Why did the judge assign a high-powered lawyer to defend the D.C. madam?

Why did the judge assign a high-powered lawyer to defend the D.C. madam?

Why did the judge assign a high-powered lawyer to defend the D.C. madam?


All-Star Legal Aid

Why did the judge assign a high-powered lawyer to defend the D.C. madam?

Deborah Jeane Palfrey 

Star defense attorney Preston Burton was appointed yesterday to defend "D.C. madam" Deborah Jeane Palfrey in federal court. (Palfrey, who has lost most of her assets to government seizure, had recently fired the public defender assigned to her case.) Burton has defended Enron executives and other high-profile clients like Monica Lewinsky, Aldrich Ames, and Robert Hanssen. How did he end up doing legal aid?

The judge asked him. "Indigent" defendants in a federal court—i.e., those who can't afford their own lawyers—get free representation from that district's federal public defender's office. (Given her notoriety, Palfrey had been assigned the services of the D.C.-office top dog, A.J. Kramer.) If the public defender can't participate in the case for some reason—a conflict with the defendant, for example, was the case between Palfrey and Kramer—the judge can ask a private lawyer to step in.


In general, these sub-ins are selected from a panel of volunteers. Not everyone can serve on a panel; interested attorneys must first go through an application process to earn their spot. Once the judge appoints a private lawyer to a case, the government pays a modest fee of $92 per hour, with a maximum of several thousand dollars for the whole trial. At these rates, the panels don't always attract the best in the business. A court might decide that a noteworthy defendant like Palfrey wouldn't get a fair shake without a high-powered attorney on her team. In "exceptional circumstances," the judge can select a lawyer who doesn't appear on the panel rolls.

State proceedings sometimes work a bit differently. Most major cities have public defender offices, with assigned private counsel as a backup in case of conflict. But some cities—like Washington, D.C.—give the majority of their cases to private lawyers. Other jurisdictions set up "contract attorney programs," in which bar associations, law firms, or nonprofit corporations establish permanent contracts to provide legal services.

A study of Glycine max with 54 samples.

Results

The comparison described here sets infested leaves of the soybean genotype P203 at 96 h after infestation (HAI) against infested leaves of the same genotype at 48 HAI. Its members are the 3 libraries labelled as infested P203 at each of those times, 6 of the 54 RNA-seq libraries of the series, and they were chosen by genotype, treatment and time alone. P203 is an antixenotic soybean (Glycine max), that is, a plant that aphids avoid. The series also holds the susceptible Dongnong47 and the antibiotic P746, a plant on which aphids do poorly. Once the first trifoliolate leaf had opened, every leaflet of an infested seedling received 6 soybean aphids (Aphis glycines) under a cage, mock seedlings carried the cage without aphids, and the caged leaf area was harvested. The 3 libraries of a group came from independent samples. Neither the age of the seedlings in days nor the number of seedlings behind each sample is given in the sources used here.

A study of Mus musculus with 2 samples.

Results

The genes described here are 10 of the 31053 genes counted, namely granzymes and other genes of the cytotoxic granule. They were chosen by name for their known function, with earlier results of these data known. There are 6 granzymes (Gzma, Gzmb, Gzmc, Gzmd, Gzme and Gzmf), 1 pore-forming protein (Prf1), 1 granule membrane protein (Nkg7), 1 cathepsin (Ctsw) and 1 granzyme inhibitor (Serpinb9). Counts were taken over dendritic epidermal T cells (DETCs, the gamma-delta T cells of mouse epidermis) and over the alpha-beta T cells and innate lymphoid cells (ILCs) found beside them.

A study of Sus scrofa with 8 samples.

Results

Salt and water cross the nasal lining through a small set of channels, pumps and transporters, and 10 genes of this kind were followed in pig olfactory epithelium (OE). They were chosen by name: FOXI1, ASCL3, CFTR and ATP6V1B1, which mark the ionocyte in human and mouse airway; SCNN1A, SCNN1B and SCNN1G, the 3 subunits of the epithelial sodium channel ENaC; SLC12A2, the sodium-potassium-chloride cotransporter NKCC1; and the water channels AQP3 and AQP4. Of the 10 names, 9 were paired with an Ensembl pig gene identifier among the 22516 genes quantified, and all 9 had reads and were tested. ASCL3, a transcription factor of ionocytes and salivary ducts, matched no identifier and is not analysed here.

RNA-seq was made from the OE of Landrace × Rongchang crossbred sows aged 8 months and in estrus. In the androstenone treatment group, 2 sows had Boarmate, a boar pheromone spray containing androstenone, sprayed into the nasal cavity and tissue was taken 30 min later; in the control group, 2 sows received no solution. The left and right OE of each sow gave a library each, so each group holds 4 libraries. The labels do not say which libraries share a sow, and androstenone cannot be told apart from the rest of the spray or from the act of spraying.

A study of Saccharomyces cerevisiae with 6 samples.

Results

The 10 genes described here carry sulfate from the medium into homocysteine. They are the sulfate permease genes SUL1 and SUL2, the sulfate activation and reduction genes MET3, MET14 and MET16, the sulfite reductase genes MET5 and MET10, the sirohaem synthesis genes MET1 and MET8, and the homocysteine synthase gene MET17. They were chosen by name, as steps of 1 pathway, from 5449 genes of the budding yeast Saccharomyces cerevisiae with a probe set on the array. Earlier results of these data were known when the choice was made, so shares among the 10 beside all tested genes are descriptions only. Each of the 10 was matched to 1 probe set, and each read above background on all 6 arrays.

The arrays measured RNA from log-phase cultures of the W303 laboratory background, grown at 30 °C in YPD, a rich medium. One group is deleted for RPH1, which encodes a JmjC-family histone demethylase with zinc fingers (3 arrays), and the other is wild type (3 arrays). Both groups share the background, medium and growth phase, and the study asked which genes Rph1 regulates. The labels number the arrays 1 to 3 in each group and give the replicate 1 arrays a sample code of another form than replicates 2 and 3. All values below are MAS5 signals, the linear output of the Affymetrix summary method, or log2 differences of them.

Daniel Engber Daniel Engber

Daniel Engber is a columnist for Slate.

Poor defendants haven't always had the right to a court-appointed lawyer. The Constitution's Sixth Amendment promises that in all criminal prosecutions, the accused shall "have the Assistance of Counsel for his defense." This applied to anyone who was being tried in federal court, but the indigents in state court didn't have much protection until the middle of the 20th century. (Those who couldn't afford a lawyer had to rely on charity from the private sector, or they faced their charges alone.) The first public defender's office opened in Los Angeles in 1914, but the Supreme Court didn't extend the federal right to the state courts until 1932. Even then, it applied only to capital cases. The court decided to include defendants in all felony cases in 1963 and  all cases involving possible prison terms in 1972.